An international study by the Swiss ACAPS, Catapult and Riskaware companies revealed that in case that the coastline of Yemen’s Red Sea and of its neighbouring countries is at risk of an environmental disaster that could happen any day – with substantial humanitarian and economic impacts.
It is increasingly likely that there could be an immense oil leakage from and/or an explosion of the FSO Safer, a floating storage and offloading unit anchored in the Red Sea, 60km north of the port of Al Hodeidah.
According to the study If disaster strikes, the Safer could release four times the amount of crude oil that was spilled in the Exxon Valdez catastrophe of 1989 (UNEP 16/07/2020), which had major impacts on the environment and on people and their livelihoods in affected are up to 1.6 million people’s livelihoods could be impacted by the spill and subsequent cleanup operations, through damage to coastal industries and factory and port closures, as well as damage to fisheries and marine resources.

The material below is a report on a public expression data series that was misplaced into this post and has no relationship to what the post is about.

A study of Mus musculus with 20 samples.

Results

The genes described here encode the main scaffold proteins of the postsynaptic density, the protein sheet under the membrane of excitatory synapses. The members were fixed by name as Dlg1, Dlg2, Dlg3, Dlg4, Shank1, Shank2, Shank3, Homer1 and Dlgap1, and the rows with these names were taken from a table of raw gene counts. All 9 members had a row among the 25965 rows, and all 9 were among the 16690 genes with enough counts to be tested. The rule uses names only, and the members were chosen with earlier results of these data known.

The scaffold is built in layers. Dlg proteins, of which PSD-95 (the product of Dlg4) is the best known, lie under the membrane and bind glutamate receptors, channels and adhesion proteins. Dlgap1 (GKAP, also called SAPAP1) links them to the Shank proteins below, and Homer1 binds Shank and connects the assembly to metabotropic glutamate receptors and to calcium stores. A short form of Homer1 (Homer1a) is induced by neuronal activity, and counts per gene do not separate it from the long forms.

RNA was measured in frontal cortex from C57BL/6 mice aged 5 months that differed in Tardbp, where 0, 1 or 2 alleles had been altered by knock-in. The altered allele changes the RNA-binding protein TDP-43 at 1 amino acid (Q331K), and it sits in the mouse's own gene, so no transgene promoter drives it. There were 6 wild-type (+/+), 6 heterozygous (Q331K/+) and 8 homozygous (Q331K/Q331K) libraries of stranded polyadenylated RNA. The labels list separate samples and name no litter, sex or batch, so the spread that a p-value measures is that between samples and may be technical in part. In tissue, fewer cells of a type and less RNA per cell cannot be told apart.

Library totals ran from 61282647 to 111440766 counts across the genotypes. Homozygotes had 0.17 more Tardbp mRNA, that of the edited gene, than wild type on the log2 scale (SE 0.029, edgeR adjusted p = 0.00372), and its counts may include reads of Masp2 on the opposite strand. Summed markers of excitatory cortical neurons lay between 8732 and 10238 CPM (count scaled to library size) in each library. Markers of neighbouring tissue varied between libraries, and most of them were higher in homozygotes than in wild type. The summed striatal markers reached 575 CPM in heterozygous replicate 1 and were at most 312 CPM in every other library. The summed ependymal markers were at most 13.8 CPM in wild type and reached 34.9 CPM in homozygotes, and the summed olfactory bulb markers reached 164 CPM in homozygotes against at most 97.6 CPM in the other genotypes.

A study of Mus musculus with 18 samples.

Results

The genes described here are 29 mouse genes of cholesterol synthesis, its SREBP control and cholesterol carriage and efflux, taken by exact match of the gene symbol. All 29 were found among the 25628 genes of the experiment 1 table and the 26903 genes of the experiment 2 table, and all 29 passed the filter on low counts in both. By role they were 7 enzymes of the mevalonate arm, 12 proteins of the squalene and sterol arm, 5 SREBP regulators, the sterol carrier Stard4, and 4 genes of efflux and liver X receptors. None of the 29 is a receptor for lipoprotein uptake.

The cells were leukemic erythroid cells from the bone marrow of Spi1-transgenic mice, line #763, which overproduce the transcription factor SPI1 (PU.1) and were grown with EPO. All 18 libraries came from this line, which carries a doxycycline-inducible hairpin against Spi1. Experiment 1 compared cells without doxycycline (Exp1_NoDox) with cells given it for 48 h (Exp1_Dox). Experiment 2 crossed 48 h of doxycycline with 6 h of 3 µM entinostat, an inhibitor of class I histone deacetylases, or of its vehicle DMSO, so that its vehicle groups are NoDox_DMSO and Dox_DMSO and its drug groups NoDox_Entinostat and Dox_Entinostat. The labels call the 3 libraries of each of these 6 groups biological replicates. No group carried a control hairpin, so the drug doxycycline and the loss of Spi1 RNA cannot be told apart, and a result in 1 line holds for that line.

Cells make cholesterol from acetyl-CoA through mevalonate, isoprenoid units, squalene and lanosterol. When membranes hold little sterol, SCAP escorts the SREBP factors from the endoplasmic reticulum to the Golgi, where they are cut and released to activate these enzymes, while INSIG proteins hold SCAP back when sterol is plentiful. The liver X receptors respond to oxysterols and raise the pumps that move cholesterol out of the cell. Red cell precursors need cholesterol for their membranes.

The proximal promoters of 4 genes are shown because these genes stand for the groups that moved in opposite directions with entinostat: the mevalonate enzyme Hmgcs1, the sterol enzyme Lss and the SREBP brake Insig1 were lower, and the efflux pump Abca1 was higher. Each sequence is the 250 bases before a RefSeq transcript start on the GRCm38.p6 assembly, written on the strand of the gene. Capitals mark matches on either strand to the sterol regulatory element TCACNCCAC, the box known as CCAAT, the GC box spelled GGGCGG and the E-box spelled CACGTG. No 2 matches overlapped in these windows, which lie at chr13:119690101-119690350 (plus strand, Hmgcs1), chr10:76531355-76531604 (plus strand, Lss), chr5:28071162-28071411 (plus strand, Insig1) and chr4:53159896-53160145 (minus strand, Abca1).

The study indicated that the if Safer potential disaster occurs the operations of Al Hodeidah and Saleef ports would be affected. The ports would likely have to close for two to three months, limiting fuel and food imports and putting the jobs of port workers at risk
The study warns of an affordable economic high costs and loses if the disaster strikes. It stated that fisheries operations will be disrupted: 50% of fisheries would likely be blocked from fishing by the oil spill. The livelihoods of 31,500 fishermen would be at risk, and 235,000 workers in the fishing and related industries (ice making, packaging, and transportation) could lose their jobs.
The spill would presumably have devastating impacts on the livelihoods of fishermen, workers, and their families, in an industry in which 21% of fishing communities are already considered poor and 71% very poor.
Adding to that fishing industry will be seriously affected and incurred up to USD 750 million – USD 30 million per year for 25 years. Not to mention the high general impact and cleanup costs: estimated cost of cleanup – USD 20 billion.
A release of oil into the water would have far greater and longer-lasting impacts than the release of particulates through fire.